To my friends in Boonville, California

 

Seven years ago I came from the bustling San Francisco Bay Area Metropolis to settle down in an old Barn as my chosen residence. The barn was located on a dirt road in the boonies considered part of this farming village called Boonville. Good things often come packaged in threes, and I would like to take this opportunity give a special thanks to a group of people in Boonville, CA. Boonville is a tiny little community on the edge of the Pacific Ocean in northern California’s Mendocino County.

As a newcomer in search of some new friends, I was not sure where to find them in Boonville. Then I discovered such a wonderful group of mostly retired airplane pilots. Some are still working and try to make a living at the littlest airport you can imagine. They only have a little house at their airport as most of the pilots house their little airplanes in big garages at their homes. In fact they have a number of antique flying machines that are well cared for with great pride and hope.

Conversations with these mostly retired pilots usually become historic encounters with nature of the air as they pass on their experiences accompanied by liberal doses of friendship that I will sorely miss if I ever leave this place. Airplane people are a unique group of individuals who have learned many lessons from life because they indirectly face death every time they step into one of the small contraptions their life depends upon once they are airborne.

As life is precious and can end suddenly, this fellowship of friends have learned to be tolerant of and appreciate each other’s differences. They have also learned by hard experience to be disciplined in living by the book: any mistake you make in the air has fatal consequences you will regret. So my weekly Friday night meeting for an hour at the local pub for a beer has usually ended up in somebody’s home where a potluck of some fantastic dishes miraculously appears from recipes not found in the most expensive cookbooks or restaurants. The warm fellowship and great foods enjoyed while sampling wine from everybody’s garden vineyard have given me memories that I will always cherish greatly.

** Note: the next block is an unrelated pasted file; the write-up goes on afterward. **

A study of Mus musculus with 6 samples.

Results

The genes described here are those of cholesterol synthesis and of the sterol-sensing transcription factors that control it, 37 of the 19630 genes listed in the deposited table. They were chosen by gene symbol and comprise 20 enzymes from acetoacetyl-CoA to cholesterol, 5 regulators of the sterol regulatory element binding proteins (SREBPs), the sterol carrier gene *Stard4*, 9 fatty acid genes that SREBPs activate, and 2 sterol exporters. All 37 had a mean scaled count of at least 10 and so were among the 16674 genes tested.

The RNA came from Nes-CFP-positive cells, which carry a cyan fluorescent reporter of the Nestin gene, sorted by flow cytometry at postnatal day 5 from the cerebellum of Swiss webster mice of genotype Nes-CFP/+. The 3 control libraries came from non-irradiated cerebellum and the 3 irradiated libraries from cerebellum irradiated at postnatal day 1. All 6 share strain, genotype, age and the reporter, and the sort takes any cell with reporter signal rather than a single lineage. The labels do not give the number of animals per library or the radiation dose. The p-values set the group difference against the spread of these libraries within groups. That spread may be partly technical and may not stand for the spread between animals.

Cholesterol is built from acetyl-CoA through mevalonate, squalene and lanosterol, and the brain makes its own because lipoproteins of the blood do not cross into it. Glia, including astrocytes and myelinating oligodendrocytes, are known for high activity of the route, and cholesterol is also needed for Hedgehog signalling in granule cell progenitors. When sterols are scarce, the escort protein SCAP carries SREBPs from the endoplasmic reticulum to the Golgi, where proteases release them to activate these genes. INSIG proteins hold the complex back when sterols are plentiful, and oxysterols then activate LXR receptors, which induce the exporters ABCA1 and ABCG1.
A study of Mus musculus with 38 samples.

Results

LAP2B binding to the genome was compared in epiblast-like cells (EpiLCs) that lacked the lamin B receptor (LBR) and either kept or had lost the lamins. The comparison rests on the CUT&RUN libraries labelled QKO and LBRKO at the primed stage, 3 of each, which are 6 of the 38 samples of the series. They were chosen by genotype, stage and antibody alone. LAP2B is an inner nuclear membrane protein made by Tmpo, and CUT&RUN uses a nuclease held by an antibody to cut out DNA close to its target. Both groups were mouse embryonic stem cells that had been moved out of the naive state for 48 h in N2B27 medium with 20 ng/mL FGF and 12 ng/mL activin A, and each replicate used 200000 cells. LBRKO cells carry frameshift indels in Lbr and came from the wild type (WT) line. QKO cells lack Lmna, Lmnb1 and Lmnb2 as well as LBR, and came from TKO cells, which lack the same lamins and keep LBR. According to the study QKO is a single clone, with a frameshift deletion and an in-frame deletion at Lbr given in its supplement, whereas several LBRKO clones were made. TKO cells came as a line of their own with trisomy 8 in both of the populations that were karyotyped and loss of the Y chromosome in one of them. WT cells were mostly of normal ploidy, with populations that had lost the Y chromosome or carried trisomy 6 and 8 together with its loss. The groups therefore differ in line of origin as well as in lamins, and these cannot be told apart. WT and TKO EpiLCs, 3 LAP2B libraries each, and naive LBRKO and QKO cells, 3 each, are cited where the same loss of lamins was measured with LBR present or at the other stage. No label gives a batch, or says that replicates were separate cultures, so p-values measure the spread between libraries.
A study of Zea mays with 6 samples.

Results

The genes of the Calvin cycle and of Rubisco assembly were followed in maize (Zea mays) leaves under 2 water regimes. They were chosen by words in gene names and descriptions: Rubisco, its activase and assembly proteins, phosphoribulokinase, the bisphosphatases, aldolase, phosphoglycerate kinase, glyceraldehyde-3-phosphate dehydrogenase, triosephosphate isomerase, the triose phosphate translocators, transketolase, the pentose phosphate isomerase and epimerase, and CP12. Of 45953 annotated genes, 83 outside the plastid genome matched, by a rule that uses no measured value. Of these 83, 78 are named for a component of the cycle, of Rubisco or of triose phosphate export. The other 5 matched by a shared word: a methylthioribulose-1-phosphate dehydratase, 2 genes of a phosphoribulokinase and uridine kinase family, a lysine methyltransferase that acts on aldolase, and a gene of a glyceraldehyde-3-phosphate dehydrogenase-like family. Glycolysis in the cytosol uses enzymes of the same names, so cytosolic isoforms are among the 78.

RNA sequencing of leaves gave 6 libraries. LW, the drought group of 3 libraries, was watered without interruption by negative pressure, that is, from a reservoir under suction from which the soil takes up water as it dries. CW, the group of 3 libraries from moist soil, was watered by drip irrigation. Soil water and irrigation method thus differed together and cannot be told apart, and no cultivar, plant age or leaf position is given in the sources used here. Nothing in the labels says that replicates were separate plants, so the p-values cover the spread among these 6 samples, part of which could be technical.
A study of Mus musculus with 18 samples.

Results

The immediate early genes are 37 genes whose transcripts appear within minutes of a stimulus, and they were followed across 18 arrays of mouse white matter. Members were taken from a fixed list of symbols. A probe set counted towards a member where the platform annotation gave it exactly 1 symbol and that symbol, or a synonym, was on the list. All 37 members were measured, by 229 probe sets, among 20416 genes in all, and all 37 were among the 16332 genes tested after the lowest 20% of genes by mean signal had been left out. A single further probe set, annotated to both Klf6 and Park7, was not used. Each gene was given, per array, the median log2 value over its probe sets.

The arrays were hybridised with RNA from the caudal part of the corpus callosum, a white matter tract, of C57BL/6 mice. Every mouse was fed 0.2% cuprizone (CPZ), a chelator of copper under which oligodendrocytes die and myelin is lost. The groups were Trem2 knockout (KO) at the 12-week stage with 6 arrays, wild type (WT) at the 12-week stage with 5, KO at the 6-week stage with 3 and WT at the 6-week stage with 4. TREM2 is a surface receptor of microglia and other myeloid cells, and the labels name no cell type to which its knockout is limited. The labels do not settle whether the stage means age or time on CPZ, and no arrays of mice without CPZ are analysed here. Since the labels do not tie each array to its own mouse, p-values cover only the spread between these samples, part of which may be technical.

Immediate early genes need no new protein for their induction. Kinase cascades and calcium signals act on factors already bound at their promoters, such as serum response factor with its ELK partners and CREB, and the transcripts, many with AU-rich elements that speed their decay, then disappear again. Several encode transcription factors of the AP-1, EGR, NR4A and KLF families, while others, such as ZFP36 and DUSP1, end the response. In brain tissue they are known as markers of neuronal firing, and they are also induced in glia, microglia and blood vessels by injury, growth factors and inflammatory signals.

And yes, I have found one more analogy here for my book. Perhaps socializing with this group of pilots who have learned to go by the book - be it regarding the repair of complex mechanics or flying by instruments instead of dead reckoning by the seat of your pants, subtly influenced how I wrote my books. My books are also instruction books on how to reach the other side of the Heh dimension, which we call Heaven. That there is another side is as real as finding an airport to land at after your fuel gauge’s warning light is blinking. Only after we land successfully do we stop and think to look around. Hopefully, my Boonville friends will read my book, as I think they will, because it will give them a much bigger horizon to fly towards in the blue sky of the universe.

My books tell us where we came from and why we are here in this contraption called a body. Truthfully, my old body is aging like their airplanes, and I’m quite interested in finding some good lodging and a chance to refuel for the next trip planned for unknown territory that I have never visited before. If I like it there, I might never come back. I expect it to be a place where there is a spring of eternal life, where all pain disappears, and there are no more tears. Once again I will become as strong and handsome as if I was 21 years old again.

So here is my book to commemorate your kindness, Boonville pilots, as an example for the local Christians who profess to be living according to the Bible, but failed to be hospitable to a stranger. Our Creator does not judge us on the external, but who we are on the inside. That is what will give us the ticket to the afterlife I discovered and tell you about in my books.